Develop an aggregated asset management database to assist operations teams improve support and maintenance of services.
Up-to-date asset and configuration information in a single database, with a simple-to-use tool for updating and adding new information.
A single source of truth for any number of critical processes; streamlined planning for migrations and implementations; more cost-effective use of the department’s limited budget.
Network interruptions highlighted a number of issues affecting efficient management of the ICT infrastructure. These issues put a spotlight on the difficulties managing multiple network environments without a functioning change and configuration management regime or integrated asset and configuration management database.
The department was also running a number of projects which required accurate ICT asset and configuration information for their planning. This was essential to assist with data centre migration activities and to support a refresh of global ICT infrastructure. Also, it would be used to increase the level and improve the quality of business continuity planning documentation.
Frame was initially engaged to audit three of the department’s data centres. There was to be an online discovery and recording of all networked ICT assets, followed by a visual audit to confirm the online findings. The engagement was extended for Frame to depict, electronically, the relationship of the ICT infrastructure to the applications supported.
While the information may have existed, in some form, within various systems throughout the department, this was the first time it’s been aggregated. The result is a validated, single source of truth for any number of critical processes.
Now, project and operations teams are able to easily determine the best place for new equipment, as well as pinpoint equipment that’s not being used, freeing up their valuable time to concentrate on the most inefficient and under-utilised systems. This streamlines planning for migrations and implementations, and it means more cost-effective use of the department’s limited budget.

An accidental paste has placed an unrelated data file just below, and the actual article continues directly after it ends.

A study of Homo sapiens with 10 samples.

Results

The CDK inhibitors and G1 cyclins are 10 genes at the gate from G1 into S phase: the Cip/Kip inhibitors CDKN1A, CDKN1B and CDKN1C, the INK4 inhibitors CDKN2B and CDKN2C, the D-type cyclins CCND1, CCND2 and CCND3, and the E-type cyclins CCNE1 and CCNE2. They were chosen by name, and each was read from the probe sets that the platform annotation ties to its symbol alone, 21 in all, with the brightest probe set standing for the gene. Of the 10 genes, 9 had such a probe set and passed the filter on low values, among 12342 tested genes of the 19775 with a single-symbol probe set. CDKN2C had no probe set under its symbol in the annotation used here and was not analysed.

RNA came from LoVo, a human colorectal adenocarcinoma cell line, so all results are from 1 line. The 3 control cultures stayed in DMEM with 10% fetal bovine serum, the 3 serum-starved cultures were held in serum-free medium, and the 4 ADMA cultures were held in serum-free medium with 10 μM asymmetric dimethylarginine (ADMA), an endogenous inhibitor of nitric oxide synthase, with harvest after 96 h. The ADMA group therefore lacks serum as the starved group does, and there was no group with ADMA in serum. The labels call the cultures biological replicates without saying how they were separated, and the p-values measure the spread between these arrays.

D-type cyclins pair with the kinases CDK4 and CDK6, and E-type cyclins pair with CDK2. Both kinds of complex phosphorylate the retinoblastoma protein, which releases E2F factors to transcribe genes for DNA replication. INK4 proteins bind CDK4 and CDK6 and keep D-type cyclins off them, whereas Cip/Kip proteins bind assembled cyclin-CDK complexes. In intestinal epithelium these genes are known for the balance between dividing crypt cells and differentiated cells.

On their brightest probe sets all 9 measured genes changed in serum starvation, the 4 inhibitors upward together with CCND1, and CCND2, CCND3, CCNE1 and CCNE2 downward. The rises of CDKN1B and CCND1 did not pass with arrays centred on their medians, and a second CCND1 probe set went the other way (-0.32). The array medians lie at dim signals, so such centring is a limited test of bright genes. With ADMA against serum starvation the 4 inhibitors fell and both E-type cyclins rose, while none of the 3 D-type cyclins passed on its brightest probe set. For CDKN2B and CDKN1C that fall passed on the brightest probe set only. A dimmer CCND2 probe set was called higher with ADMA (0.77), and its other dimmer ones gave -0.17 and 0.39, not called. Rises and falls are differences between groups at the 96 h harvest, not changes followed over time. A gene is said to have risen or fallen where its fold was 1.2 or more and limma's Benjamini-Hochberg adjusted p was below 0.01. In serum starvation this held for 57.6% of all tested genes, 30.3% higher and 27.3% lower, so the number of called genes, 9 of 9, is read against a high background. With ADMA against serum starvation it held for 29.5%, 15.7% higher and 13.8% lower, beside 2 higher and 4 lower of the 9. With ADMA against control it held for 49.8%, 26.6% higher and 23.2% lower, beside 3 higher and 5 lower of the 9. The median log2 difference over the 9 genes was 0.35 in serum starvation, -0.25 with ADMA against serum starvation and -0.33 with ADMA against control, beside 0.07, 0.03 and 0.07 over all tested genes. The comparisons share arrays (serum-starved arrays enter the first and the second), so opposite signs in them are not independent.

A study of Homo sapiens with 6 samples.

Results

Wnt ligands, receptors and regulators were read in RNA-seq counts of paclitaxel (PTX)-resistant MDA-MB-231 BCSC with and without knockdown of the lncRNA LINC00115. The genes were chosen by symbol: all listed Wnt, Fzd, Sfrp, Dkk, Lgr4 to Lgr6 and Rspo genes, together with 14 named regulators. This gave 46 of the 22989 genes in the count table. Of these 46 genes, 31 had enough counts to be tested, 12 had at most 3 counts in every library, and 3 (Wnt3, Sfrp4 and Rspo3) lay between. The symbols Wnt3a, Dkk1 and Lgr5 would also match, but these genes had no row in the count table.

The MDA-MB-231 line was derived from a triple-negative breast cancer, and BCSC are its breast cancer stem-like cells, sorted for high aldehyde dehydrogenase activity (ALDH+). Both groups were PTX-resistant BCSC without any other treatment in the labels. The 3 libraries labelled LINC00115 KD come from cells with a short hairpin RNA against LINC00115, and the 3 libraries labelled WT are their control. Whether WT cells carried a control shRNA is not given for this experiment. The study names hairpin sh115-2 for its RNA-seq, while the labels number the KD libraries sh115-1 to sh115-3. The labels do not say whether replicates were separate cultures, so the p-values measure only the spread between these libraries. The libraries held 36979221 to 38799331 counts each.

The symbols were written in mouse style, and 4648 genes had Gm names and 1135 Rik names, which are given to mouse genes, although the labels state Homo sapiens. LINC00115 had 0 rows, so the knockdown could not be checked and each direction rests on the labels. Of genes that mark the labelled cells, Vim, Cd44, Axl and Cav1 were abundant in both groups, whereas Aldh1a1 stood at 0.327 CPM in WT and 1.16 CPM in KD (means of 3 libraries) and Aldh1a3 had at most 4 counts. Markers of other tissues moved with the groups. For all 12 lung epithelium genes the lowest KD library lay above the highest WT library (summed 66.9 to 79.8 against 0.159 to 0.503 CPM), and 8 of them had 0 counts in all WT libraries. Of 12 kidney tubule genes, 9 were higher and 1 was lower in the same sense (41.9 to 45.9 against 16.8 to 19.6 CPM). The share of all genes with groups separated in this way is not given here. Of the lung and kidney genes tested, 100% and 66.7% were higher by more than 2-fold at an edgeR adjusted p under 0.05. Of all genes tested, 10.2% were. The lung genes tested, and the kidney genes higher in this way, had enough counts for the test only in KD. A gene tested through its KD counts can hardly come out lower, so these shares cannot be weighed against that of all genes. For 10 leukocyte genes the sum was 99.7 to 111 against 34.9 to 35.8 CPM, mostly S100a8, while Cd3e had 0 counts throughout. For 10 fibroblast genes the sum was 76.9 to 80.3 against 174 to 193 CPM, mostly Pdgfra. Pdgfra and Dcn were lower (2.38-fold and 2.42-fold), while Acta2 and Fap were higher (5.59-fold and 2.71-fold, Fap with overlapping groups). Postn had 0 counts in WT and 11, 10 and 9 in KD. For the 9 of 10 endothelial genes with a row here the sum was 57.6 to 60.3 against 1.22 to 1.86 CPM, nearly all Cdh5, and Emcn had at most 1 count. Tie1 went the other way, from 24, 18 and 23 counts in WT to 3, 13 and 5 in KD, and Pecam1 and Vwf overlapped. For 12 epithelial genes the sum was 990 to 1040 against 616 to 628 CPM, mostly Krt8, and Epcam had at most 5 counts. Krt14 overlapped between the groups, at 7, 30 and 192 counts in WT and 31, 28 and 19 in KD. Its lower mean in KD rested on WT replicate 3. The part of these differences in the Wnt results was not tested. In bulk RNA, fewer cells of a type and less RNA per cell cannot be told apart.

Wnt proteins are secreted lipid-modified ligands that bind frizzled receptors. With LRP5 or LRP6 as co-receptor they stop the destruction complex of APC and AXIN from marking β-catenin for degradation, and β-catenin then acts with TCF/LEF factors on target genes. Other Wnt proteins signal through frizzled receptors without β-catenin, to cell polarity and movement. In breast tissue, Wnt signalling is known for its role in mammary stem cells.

Teams can see where space and power is available and where it’s oversubscribed. This allows them to balance loads on supporting systems: power distribution, UPS, generators and related equipment. It also means they can manage the allocation of space and power more effectively. What’s more, they have the information necessary to better determine the impact of an implementation, while it’s in the planning stage.
Because information is presented graphically, it’s easy to see each application, its supporting infrastructure, the domain it’s installed in, the teams who manage it and the business users of the application. The information is further enhanced with a set of reports and ad hoc reporting capability which allows for scenario planning and preparations for their data centre migrations and other critical projects.
Despite the complex nature of the department’s ICT environment, the process was completed in a very short timeframe and with minimum effect on internal staff. 12,500 networked ICT assets were discovered and mapped in the database. This was achieved in a matter of weeks, whereas engagements of this kind can take more than a year.
Coupled with the low cost of entry for our solution, the outcome was seen as exemplary. Highly satisfied with the result, the department went on to purchase additional licences for its wider use.
Using Frame’s infrastructure and applications discovery tool, the project team determined the infrastructure and applications dependencies during a series of workshops. They then produced an online, graphical database of the results.
Following completion of the audit and discovery activities, Frame was engaged to provide ongoing service and support for the purchased solution. For this managed service, Frame handles all tasks required to create and maintain the asset and configuration records, at every point of the change and release process.
Our customised training used live data (in read-only mode) from the production system, to maximise familiarity. Training was delivered in two parts, so it was able to reach the widest audience possible. The first part was a half-day introductory session, covering all basic features of the system and how it’s been customised for the department. The second part was for system administrators and, over a day and half, delved into the specifics of creating custom configuration items, making linkages to applications and users, and generating ad hoc reports.